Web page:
Last Tuesday, the Farin-Doki-Erena bridge in the banditry-ravaged Shiroro Local Government Area of Niger State collapsed when a borehole-drilling truck was trying to cross it.
For residents, the collapsed bridge means two things: uneasy escape route from marauding bandits and a clampdown on economic activities.
The collapsed bridge, WikkiTimes, connects eight farming communities suffering unending banditry activities. The communities, according to residents, are a few kilometres away from Kuta town, the headquarters of Shiroro LGA.
A resident of the community who do not want his name in print, told WikkiTimes on Saturday that the collapsed bridge had thrown residents into difficulties.
“It collapsed at about 10:00 am on Tuesday, causing motorists and commuters, particularly business owners and farmers who use the route on a daily basis to bear the brunt,” he said.
“It was a heavy-duty borehole-drilling vehicle that passed through the bridge,” Jibrin Allawa, a community leader in Shiroro LGA told WikkiTimes, adding the bridge was already weak and overdue for repairs.
According to him, locals fleeing from bandits’ attacks could be trapped if the bridge is not fixed on time. “This security issue is a problem, and that is the only way one can get out of the community,” he said. “Now, the bridge has collapsed!”
While hoping that the government would address their plights, Allawa blamed the chairman of the council for leaving his people in hardship and flying to Saudi Arabia for the Hajj exercise. Although he believes the local council could not bear the cost of repairing the road, he expects the chairman would call the government’s attention to it.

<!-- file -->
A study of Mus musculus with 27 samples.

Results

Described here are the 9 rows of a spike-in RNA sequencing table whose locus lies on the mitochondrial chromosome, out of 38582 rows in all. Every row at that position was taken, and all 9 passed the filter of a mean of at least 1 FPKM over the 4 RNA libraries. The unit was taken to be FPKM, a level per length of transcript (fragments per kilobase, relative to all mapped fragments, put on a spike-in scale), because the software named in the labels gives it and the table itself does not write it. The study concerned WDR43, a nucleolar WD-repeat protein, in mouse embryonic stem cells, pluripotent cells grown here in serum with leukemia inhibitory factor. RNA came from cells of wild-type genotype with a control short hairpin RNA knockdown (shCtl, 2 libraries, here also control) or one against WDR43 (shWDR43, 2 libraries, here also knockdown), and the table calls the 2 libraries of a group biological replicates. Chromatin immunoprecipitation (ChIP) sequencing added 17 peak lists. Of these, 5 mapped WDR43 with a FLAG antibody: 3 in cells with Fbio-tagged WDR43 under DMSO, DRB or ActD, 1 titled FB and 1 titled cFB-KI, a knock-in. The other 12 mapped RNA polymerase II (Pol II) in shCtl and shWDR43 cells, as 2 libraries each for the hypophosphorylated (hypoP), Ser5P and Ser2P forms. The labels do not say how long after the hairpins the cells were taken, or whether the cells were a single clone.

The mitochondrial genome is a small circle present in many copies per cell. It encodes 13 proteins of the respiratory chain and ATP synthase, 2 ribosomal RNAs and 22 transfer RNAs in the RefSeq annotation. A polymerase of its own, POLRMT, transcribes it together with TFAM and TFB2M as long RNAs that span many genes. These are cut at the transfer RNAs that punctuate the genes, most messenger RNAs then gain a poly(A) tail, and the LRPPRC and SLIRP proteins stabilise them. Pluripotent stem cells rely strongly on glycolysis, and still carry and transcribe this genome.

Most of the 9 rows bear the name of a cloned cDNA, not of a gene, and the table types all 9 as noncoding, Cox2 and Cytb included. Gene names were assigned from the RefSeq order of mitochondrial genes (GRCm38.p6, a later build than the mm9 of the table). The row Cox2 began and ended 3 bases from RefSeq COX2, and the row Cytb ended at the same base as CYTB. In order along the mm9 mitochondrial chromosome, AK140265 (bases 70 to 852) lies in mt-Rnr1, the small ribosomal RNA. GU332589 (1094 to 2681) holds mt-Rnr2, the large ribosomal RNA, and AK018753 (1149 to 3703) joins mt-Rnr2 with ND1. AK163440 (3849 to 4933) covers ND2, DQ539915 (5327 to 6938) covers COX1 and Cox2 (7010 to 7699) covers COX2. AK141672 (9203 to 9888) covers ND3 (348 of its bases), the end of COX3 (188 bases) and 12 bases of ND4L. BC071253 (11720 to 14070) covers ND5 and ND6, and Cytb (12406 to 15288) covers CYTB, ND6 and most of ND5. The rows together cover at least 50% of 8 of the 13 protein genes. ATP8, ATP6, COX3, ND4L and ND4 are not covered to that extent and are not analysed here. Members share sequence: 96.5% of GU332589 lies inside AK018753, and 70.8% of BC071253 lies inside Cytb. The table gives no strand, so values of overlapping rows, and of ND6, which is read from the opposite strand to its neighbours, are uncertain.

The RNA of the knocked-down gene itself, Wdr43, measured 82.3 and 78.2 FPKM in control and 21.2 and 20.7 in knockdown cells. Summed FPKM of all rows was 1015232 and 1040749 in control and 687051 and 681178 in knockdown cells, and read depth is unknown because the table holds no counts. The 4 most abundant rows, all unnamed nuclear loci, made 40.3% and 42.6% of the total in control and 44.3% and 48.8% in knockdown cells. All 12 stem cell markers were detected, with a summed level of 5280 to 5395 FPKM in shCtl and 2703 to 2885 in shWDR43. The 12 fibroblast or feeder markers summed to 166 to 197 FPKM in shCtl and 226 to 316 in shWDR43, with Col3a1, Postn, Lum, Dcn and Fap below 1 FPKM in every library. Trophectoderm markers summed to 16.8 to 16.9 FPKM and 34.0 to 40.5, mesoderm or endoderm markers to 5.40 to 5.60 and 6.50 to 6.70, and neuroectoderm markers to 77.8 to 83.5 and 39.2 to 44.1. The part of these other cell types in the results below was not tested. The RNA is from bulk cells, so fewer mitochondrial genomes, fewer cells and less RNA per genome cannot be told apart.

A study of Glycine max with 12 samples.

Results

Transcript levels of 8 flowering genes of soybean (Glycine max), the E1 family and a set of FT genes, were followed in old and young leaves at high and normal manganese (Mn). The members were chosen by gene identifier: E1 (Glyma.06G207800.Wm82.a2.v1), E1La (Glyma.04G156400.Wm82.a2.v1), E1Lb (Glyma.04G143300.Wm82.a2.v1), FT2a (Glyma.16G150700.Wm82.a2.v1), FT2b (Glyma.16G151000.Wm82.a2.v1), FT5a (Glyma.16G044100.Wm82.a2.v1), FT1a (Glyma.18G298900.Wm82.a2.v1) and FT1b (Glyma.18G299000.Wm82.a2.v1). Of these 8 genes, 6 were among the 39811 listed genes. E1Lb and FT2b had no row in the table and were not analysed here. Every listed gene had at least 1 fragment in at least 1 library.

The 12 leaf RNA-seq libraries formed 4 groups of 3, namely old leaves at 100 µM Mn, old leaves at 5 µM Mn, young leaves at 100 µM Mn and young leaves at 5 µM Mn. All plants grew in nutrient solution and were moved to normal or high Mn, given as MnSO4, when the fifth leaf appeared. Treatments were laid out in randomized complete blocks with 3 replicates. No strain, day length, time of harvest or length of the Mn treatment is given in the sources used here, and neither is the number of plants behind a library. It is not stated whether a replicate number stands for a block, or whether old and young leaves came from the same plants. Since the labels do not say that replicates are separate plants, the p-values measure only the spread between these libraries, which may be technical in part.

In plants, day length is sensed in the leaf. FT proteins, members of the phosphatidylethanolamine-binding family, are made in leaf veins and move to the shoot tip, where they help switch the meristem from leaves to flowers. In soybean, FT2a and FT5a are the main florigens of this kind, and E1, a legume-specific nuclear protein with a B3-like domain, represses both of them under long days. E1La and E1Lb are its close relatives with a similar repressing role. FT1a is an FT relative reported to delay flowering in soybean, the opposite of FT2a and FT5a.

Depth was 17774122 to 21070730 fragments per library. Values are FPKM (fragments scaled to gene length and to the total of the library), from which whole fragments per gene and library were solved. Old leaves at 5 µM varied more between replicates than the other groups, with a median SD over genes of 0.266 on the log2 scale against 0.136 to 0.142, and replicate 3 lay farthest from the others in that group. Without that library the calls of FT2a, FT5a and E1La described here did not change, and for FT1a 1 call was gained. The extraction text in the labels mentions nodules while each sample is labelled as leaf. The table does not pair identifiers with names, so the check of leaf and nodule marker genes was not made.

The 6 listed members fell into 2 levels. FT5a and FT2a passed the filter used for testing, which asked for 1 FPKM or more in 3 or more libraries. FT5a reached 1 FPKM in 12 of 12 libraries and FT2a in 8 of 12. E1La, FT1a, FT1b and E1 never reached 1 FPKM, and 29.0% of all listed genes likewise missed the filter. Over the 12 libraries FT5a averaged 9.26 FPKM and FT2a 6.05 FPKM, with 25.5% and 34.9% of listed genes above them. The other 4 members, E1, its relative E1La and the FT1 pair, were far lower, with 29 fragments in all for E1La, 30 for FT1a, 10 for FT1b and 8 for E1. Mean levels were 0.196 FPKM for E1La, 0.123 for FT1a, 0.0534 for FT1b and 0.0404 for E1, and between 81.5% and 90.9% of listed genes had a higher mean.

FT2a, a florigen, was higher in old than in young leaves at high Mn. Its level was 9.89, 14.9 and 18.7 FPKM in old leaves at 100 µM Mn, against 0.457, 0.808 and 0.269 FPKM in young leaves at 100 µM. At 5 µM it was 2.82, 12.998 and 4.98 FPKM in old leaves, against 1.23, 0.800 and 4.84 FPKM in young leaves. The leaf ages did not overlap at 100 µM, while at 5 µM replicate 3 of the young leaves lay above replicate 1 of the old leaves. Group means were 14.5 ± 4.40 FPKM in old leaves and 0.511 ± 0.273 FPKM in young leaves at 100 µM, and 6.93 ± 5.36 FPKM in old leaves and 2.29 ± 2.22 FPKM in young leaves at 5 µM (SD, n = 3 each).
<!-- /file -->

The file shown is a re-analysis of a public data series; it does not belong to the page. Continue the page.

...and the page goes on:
“We are calling on the Niger State government as a matter of urgency to come to our aid as the local council is incapacitated to construct the bridge,” he said.
“We are waiting for the governor to act first to save the lives of the people of Erena and adjoining communities,” he said.
Usman Ibrahim Kuta, the chairman of Coalition of Shiroro Associations, reiterates that the aged bridge links many communities together. According to him, residents have been using an alternative route since the bridge collapsed, but he worries the route would not be accessible if it rained.
“If it rains, the route residents are using will not be accessible as water will be overflowing,” he said. “As such, there is an urgent need for that because there is no way the bridge can be renovated. It needs complete construction.”
“Because if a bridge is not constructed on that same river, there is no way people would use the road. It will stop activities and other movements around the Erena axis,” he added.
He told WikkiTimes that residents are already suffering losses as they can barely transport farm produce to the market.
According to the union leader, the residents now risk their lives by passing under the bridge to get to their destination.
If it rains, “that route will not be accessible because they have to cross the water. The amount of water under the bridge is bearable for now.”
He said the association has been trying to get the attention of the local council.
“I cannot be able to ascertain what the council is doing. But we have been calling their attention,” he said. WikkiTimes could not immediately reach officials of the local council.
Also, Ibrahim Hussaini, head of the information unit at the Niger State Emergency Management Agency (NSEMA), was not available for comment. A text sent to him had not been responded to at press time.